10 Health Issues That Every Man Should Be Concerned About

(health issues that every man needs)

When it comes to men’s and women’s health, the fact is that women outlive men, and that gap is widening. According to the Centers for Disease Control (CDC), on average, women outlive men by more than five years. There are many different factors that contribute to early death in men. Health is one among them. Here are the top 10 health issues that every man needs to know and take care of.

1. Depression And Suicide

be more vocal about emotions


2. Heart Disease

sudden cardiac events occur in men


3. Skin Cancer

(the top two leading causes of death)


4. Stroke

men have strokes at younger ages


5. Diabetes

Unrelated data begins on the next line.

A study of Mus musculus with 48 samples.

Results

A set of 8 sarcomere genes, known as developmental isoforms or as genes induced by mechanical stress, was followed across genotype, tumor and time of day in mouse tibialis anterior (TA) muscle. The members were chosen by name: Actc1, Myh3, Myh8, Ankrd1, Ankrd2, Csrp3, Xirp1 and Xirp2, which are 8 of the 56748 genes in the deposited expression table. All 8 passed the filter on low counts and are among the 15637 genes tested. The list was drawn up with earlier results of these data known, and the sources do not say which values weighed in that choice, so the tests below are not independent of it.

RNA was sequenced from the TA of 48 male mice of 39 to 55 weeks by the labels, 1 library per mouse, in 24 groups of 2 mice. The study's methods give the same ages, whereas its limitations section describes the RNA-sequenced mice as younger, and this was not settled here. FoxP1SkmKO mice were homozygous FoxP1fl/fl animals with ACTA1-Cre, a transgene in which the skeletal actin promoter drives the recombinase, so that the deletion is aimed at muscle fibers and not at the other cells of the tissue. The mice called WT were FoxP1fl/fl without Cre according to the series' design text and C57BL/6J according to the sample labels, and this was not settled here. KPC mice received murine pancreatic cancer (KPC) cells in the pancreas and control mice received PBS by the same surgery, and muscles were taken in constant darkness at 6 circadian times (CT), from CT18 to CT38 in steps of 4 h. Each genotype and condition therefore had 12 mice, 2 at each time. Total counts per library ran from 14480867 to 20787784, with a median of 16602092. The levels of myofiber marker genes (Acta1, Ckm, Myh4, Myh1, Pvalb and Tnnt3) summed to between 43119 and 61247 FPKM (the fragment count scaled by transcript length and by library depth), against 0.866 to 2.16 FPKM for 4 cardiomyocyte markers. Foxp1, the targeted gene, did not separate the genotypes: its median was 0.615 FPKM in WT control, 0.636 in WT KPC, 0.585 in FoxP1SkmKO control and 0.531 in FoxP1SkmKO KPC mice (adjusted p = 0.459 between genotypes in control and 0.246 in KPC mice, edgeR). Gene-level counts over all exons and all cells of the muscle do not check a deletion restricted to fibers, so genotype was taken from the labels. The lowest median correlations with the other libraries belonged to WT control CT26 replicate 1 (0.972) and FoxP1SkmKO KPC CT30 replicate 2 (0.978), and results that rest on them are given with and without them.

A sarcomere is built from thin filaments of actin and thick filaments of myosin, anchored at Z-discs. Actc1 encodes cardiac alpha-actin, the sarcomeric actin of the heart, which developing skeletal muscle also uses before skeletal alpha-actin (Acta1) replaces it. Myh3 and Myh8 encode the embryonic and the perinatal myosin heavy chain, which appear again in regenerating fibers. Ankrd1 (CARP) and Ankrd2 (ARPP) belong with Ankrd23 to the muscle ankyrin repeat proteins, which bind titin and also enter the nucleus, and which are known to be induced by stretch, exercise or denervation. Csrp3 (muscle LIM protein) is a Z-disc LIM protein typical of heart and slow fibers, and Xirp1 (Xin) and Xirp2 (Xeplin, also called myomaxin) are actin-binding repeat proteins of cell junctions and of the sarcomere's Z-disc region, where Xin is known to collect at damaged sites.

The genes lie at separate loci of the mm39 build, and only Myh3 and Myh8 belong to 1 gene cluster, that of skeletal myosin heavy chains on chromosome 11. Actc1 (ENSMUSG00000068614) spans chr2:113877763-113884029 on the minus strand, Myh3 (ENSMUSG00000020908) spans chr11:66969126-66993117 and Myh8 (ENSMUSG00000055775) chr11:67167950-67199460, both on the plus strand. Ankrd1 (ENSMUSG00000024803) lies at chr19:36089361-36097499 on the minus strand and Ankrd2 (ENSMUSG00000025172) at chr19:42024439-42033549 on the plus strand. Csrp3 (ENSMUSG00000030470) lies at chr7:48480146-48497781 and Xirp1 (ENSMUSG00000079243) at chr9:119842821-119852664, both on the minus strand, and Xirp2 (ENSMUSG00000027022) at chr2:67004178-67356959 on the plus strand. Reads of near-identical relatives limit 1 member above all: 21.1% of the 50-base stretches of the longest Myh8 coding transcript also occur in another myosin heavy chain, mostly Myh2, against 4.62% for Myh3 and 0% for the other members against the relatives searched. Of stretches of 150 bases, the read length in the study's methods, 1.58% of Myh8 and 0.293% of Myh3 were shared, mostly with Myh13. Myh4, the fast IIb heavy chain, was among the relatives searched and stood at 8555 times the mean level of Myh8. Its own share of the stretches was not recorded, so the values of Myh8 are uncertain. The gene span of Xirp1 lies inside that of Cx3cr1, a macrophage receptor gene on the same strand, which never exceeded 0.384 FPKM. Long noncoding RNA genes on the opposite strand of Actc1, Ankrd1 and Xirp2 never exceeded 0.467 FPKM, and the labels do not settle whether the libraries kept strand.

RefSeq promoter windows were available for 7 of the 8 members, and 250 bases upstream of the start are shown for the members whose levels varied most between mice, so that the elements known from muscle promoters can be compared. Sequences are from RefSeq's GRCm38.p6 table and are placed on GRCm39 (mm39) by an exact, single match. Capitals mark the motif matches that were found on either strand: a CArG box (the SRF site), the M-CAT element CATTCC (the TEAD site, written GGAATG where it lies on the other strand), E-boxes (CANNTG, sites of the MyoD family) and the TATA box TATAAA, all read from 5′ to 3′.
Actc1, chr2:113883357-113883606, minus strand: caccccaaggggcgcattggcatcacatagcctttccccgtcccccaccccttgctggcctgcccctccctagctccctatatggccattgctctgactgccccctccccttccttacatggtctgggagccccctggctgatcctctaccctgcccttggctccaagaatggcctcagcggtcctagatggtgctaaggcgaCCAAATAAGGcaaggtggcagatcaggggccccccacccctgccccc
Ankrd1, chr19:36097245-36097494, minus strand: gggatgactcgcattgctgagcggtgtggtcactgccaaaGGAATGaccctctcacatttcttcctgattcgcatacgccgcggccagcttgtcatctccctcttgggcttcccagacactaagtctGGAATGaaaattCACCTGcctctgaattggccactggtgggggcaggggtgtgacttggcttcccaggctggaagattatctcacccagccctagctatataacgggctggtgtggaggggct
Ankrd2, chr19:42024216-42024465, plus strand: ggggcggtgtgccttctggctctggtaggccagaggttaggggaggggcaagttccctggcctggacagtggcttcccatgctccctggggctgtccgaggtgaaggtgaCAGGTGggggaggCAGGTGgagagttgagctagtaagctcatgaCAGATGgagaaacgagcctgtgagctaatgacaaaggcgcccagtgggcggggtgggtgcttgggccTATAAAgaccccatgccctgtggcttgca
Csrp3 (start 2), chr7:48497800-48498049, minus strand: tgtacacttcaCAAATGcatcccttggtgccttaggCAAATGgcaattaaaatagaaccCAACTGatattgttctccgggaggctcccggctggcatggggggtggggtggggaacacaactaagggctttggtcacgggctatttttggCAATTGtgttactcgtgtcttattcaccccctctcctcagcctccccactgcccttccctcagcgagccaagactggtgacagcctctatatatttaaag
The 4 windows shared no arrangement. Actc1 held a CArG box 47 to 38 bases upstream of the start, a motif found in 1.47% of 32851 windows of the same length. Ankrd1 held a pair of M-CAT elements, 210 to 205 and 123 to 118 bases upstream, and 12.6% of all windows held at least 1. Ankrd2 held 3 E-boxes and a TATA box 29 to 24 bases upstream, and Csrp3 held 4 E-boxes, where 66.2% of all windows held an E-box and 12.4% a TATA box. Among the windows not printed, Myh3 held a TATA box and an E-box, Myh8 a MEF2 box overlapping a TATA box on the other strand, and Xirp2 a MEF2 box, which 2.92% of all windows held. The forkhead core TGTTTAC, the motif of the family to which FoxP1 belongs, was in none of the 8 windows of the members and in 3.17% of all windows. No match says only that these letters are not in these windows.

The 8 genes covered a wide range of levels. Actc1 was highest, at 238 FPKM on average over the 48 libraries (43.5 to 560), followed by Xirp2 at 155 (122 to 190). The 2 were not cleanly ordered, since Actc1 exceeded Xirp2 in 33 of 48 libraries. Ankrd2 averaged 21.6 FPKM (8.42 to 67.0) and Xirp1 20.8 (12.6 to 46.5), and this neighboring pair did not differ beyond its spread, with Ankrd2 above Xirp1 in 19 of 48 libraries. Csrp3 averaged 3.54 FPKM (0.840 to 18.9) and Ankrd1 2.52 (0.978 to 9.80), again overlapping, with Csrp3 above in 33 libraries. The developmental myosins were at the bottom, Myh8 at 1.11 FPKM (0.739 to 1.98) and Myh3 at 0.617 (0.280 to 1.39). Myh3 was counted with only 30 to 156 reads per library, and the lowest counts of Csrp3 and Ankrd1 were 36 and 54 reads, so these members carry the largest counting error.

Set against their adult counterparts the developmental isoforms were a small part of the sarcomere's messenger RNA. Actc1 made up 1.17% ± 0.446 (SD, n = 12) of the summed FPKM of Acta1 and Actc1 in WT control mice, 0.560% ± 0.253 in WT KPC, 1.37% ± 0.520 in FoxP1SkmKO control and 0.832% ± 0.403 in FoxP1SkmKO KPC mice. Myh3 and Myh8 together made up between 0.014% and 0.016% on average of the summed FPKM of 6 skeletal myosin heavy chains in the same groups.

Overweight men are more at risk


6. Kidney Disease

leads to other health complication


7. High Blood Pressure

can be prevented, delayed and treated


8. High Cholesterol

can lead to a greater risk of heart attack

While genetics has a part to play in deciding your cholesterol levels, it can also be influenced by things like diet, activity and body weight. The risk increases with age and, left untreated, can lead to a greater risk of heart attack, stroke and peripheral artery disease. Your cholesterol levels can be measured by a simple blood test, so make it a point get one at regular intervals.

9. Lung Cancer

leading cause of death in men

Lung cancer is the leading cause of death in men not just in the United States by across the world. For men, the lifetime risk of developing it (for both smokers and nonsmokers) is 1 in 13.

10. Prostate Cancer

(Prostate cancer can be treated

After lung cancer, prostate cancer is the most common cancer found in men and the second leading type of cancer death in men. Prostate cancer can be treated if found in its early stages but in most cases, it shows no symptoms until it has spread to other parts of the body. The risk usually increases with age.